The bionic penguins are designed as autonomous underwater vehicles (AUVs) that independently orient themselves and navigate through the water basin and develop differentiated, variable behaviour patterns in group operation.
The penguins’ hydrodynamic body contours and elegant wing propulsion principle were adopted from their natural archetypes. The wings comprise a skeleton of spring steel elements embedded in an elastic matrix of silicon that gives them their profile; they can thus twist to an optimal angle in interaction with the hydrodynamic forces in each stroke, whereby the pitch angle can also be regulated interactively. The robotic penguins can thus manoeuvre in cramped spatial conditions, turn on the spot when necessary and – unlike their biological archetypes – even swim backwards.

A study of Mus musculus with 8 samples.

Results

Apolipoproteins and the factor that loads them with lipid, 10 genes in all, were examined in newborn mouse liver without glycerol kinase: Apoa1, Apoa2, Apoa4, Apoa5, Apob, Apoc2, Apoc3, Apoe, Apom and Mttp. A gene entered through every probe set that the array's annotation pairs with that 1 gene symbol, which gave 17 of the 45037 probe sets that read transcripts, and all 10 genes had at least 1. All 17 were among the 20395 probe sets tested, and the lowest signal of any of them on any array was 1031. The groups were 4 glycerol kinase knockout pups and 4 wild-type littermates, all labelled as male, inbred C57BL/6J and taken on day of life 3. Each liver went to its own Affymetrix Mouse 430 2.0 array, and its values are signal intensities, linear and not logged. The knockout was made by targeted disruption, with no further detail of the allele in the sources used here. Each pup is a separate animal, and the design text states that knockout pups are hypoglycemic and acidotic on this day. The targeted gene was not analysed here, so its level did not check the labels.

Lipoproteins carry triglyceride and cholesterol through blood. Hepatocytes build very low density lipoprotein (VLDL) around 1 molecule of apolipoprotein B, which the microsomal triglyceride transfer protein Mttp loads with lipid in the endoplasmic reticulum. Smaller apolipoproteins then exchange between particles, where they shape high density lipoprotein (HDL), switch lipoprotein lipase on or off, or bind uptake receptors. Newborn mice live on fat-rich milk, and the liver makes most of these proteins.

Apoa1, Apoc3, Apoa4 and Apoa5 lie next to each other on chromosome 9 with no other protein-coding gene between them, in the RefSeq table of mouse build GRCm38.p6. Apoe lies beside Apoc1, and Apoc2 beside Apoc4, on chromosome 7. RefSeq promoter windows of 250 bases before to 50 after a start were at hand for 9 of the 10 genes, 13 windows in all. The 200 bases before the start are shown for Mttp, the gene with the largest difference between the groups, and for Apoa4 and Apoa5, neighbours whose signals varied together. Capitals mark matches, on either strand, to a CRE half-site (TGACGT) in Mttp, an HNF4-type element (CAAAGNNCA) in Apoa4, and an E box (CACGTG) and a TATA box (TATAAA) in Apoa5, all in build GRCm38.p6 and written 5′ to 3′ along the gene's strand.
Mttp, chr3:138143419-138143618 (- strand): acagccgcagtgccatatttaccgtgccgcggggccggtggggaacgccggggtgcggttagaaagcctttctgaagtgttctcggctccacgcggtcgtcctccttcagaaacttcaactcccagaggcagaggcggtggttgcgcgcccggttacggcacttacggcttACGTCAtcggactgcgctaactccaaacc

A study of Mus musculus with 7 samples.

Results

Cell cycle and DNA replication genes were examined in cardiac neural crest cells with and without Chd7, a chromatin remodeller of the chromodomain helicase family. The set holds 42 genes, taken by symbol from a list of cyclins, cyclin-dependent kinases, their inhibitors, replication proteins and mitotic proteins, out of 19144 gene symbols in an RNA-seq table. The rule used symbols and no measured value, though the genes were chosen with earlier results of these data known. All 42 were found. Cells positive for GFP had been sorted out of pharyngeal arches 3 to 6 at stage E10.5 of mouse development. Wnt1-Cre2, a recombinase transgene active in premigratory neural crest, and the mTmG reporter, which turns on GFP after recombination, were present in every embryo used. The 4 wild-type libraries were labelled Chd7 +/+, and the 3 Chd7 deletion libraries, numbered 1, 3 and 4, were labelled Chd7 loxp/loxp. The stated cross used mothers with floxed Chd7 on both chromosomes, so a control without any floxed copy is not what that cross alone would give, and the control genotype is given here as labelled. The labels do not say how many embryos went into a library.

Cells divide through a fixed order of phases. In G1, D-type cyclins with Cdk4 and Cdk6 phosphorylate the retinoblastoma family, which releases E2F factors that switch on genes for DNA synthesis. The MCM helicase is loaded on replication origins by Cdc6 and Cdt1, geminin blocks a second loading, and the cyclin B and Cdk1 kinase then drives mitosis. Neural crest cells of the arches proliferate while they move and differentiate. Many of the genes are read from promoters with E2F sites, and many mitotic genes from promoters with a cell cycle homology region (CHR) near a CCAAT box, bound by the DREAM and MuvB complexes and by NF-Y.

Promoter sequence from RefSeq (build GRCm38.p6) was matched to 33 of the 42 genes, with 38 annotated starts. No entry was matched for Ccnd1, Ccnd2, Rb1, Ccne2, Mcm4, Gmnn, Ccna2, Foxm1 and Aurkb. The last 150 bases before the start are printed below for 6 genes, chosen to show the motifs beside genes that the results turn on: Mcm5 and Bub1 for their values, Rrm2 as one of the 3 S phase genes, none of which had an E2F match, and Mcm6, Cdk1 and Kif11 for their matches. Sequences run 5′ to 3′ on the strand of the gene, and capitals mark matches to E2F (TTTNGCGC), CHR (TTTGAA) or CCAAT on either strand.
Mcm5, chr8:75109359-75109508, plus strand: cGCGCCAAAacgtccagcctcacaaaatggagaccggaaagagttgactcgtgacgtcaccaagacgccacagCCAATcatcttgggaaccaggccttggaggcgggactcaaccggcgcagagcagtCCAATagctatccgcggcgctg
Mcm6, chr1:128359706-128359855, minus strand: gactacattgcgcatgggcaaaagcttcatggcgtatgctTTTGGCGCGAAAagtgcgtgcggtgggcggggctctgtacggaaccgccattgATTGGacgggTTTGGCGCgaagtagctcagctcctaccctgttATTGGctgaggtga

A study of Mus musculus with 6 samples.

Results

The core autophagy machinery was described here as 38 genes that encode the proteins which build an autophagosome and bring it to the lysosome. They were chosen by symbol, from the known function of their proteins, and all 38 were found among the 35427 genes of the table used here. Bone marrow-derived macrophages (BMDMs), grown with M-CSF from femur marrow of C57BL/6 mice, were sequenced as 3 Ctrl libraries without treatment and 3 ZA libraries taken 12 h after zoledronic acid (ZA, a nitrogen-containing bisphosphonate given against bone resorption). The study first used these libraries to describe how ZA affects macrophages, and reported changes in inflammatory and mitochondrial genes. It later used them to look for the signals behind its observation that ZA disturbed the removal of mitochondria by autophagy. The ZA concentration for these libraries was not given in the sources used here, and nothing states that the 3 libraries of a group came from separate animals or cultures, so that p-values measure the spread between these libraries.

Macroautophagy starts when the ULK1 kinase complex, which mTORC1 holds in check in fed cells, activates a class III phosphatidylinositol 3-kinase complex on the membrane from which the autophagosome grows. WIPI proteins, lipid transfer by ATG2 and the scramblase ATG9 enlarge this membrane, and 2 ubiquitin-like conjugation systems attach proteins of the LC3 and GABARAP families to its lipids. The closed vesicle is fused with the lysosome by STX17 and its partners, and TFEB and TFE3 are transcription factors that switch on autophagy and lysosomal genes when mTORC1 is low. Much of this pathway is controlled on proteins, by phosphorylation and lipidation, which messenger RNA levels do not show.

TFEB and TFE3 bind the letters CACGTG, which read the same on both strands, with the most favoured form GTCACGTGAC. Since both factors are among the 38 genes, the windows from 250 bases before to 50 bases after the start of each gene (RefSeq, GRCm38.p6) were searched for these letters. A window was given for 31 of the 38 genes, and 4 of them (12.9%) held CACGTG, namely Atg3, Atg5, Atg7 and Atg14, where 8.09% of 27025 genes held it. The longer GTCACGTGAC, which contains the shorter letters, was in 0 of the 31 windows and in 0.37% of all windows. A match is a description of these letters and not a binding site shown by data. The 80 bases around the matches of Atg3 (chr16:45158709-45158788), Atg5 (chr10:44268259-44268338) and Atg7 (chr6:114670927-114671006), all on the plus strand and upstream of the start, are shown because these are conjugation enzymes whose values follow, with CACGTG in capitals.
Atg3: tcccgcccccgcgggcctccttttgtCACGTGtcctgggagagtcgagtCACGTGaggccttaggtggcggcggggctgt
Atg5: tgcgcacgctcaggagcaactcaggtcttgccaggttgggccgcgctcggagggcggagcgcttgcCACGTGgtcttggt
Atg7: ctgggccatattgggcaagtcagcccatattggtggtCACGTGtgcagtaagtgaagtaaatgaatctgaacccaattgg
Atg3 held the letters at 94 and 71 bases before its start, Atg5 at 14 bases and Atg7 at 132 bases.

An entirely new feature in robotics is the torso that can move in any direction. To make such an “organic” change of shape possible, the head, neck and tail segments were based on a new 3D Fin Ray® structure. This structure, derived from the tail fin of a fish, has thus been extended into three-dimensional space for the first time. In the realisation selected here, the bending structure consists of flexible longitudinal struts with circumferential connecting elements that maintain the shape of the elastic skin. Steering is effected via the longitudinal struts and mechanically linked draw lines, with small actuators for horizontal and vertical movement. The actuators and control electronics are housed in the dry chamber of the torso.
The shoulder joints are spherical; the wing axes pass through the joints and are also fitted with separately rotatable bearings within the sphere. The additional axis of rotation is controlled by one actuator per wing, which adjusts the wings’ pitch angles. This mechanism is used for steering in various manoeuvring situations. A special flapping mechanism acts on the wing axes directed toward the torso, in order to operate the two wings synchronously
and to provide the strong up-and-down motion for propulsion.